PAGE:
I picked up Gunpoint for $6 during the Steam Summer Getaway Sale. I’d had my eye on it for some time, but perhaps by philosophy, osmosis, or radiation agent86ix has started to convince me to learn the tricks to save a few bucks. After all of the wallet abuse of the Summer Sale I’ve got a pretty good backlog to work through, but I couldn’t help but crack this one open as soon as I had it. I didn’t regret it.
Learning to fly
When it comes to artful parkour, we learned a long time ago that I’m as uncoordinated in gaming as I am in real life. On the other far extreme from the rhythmic three dimensional jumps and slides of Mirror’s Edge is Gunpoint’s jump mechanic. It’s more like easy mode Angry Birds, except you can fall an infinite distance, prep guards for your fist of justice (we’ll get to that), or break plate glass windows. It’s one of the first things you’ll do in the game, and it quickly becomes one of your favorite. By the end I was coordinating guard pounces through three broken windows, or hairpin jumps off the highest building onto my face. Tons of fun.
No review of Gunpoint is complete without a brief discussion of the tactile percussion that gets played throughout the game on the faces of numerous security personel. Due to a quick save feature, the game is actually pretty easy since the penalty for failing is rarely more than a quick spring back a few seconds in time. At the same time, any particular confrontation usually ends quickly with either our hero bleeding out with a bullet in his chest, or a guard getting fist pumped to the face Jersey Shore style. You might tell yourself that you’ll be a non-violent hero (that’s unlikely), but I believe even the pacifists out there will occasionally want to destroy something beautful after a particularly tricky security adversary has been downed.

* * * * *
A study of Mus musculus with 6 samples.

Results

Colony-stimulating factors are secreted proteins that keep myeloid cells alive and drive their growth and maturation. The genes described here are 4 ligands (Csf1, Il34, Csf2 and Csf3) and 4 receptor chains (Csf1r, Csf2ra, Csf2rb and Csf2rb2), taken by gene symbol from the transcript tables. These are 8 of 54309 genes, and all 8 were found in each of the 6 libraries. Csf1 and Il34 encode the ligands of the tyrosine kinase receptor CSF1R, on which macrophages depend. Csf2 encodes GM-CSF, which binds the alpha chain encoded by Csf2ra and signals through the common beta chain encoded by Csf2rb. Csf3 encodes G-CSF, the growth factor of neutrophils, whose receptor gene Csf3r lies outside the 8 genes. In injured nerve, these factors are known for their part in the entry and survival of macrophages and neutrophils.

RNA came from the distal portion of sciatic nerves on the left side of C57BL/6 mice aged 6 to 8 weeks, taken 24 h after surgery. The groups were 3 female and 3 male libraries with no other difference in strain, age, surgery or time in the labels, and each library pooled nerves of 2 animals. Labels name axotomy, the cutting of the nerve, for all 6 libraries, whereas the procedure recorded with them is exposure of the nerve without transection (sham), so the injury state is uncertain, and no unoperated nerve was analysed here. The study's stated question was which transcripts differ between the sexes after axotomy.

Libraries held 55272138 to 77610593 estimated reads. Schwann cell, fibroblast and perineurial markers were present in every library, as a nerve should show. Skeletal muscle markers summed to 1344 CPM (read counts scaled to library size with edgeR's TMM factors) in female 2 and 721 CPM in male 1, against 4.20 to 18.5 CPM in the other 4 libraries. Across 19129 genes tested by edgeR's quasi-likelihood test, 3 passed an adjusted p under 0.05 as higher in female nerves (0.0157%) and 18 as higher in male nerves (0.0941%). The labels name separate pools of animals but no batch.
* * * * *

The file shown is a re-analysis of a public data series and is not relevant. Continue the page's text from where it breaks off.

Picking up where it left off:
Wirejacking.. just wow
So past the solid platforming scaffolding, the game reveals it’s true beauty – the wirejack. Wirejacking allows you to rewire electrical devices within a building, to solve problems and cause mayhem. It may be the simplest and most entertaining form of conditional programming I’ve ever seen. At first you’ll just be using light switches to open doors, but before long you’ll be setting off complex conditional sensor sequences, and exploiting AI canned reactions to create what is essentially just a very clever, interactive, IF condition. It is by far the most unique concept in the game, and I hope that it’s something that Tom Francis and his team can riff on in future iterations of this game and others.
Rounding out a great game, is a great story you don’t expect. While your dialogue options are pretty straightforward at first, you’ll soon find you have choices to make. Some are as simple as a choice between snarky or chivalrous, but some have greater consequences. Sometimes your employers even force you to pick sides and decide whether your a jerk with a heart of gold, or just a jerk.
All in all, the game is an utter gem. It will make an impression on you, and leave you wanting more. End to end it feels a little short, but for an indie title with a low price it wasn’t offensive to me. Given replayability, and a level generator, it may actually tie you up for quite a while. Enjoy… and don’t pull your punches.